Nobody in New Zealand expected Donald Trump to defeat Hillary Clinton and to win the race to the White House. It was one of the most unexpected events of the recent past. And already, even before Trump is officially inaugurated as the President of the United States, Kiwis are bracing for a rush of Americans disappointed with the election results moving to New Zealand.
If you’re looking to sell property in New Zealand fast in 2017, Trump’s victory couldn’t have come at a better time for you. A number of Americans, who are liberal by persuasion, had promised to move to New Zealand if Trump won the Presidential race. And now that Trump has indeed won, it remains to be seen whether they hold on to the promise.
Real estate experts in New Zealand expect an upward pressure on home prices and higher home loan interest rates in response to Trump’s win. New Zealand’s biggest real estate portal, Realestate.co.nz, has reported receiving a much higher traffic from the United States than ever before, with a number of Americans actively searching for New Zealand property.
Indeed, traffic from the USA at the site was up by 432 percent since the results were announced on November 9th. 78 percent of the visitors had never been to the site before; this shows there is a lot of new interest in properties in New Zealand.
Brendon Skipper, CEO of Realestate.co.nz says, "Obviously New Zealanders are the largest group of visitors to Realestate.co.nz, typically followed by Australians. Last night, the US jumped into second place ahead of Australia in terms of visitor numbers."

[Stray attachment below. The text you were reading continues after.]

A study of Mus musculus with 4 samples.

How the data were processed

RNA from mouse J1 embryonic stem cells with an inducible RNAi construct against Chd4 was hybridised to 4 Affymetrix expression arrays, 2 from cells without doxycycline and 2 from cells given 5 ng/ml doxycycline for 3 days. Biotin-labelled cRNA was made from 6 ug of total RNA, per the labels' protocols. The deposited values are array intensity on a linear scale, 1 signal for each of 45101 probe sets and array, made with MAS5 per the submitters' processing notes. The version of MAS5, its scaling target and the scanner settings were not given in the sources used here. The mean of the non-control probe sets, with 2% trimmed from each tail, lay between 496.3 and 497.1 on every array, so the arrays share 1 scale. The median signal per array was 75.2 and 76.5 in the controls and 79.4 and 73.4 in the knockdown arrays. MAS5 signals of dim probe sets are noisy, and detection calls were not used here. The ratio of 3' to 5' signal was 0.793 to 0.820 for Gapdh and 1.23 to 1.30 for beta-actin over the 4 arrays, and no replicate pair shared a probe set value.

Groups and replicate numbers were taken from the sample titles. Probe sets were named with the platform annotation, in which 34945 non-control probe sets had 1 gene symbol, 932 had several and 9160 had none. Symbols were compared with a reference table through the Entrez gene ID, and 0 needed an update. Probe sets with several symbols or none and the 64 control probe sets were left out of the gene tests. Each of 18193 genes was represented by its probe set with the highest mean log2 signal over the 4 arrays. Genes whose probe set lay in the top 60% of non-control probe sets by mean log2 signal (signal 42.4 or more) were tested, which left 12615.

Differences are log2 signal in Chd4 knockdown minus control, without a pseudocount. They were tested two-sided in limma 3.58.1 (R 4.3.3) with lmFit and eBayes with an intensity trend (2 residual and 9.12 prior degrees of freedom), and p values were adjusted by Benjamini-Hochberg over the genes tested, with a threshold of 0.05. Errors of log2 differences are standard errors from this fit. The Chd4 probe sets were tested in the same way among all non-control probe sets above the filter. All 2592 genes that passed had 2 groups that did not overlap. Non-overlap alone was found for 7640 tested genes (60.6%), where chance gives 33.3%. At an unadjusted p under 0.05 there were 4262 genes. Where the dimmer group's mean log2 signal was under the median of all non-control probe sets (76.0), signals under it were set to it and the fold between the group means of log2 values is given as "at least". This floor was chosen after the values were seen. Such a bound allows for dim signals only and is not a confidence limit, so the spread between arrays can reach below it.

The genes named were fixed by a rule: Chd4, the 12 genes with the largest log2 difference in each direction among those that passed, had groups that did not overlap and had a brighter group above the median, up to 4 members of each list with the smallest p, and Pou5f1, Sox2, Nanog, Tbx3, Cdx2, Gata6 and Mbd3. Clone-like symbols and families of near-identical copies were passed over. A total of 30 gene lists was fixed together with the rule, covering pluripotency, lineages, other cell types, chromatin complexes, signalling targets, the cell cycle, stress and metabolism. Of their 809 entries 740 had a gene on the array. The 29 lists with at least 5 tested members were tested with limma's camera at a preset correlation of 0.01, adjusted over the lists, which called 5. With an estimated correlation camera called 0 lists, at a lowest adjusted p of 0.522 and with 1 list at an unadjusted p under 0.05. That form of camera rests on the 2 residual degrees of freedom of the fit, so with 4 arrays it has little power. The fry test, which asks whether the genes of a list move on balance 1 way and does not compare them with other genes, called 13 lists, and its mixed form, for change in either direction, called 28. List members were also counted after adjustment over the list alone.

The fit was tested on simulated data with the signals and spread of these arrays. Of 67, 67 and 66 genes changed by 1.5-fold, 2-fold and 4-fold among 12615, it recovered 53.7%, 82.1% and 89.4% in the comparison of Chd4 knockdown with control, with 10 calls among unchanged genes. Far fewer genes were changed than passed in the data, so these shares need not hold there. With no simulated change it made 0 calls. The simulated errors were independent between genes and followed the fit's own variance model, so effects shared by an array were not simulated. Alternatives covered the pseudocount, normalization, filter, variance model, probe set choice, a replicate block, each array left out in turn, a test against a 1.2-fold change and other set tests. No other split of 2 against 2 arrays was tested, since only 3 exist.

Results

Andrew Bruce, president of the Auckland Property Investors Association president agrees that New Zealand will have to brace itself for a rush of home seekers from the USA. He says, "An influx will put further pressure on our already short supply of housing in Auckland. We are already struggling to keep up with demands."
Carmen Vicelich, who heads the property data analytics site MyValocity, says Trump’s win would have a huge impact on the real estate market in New Zealand, just as Brexit has had already, and would add to the pool of buyers looking to buy homes here, especially in the city of Auckland. She said that most of the buyers are likely to be ex-New Zealanders, who are coming back.
"We saw that in 2008 and after 9/11, a lot of New Zealanders decided this is where their future is," Ms. Vicelich says.
She adds that Trump victory may lead to more expensive home loans in New Zealand because New Zealand banks are reliant on money coming from the US to fund their loans. So any uncertainty in the US economy would mean higher interest rates here in New Zealand.
However, ASB chief economist Nick Tuffley says that any impact of US citizens migrating to New Zealand is likely to be marginal at best, so there is no reason for people here to panic just as yet.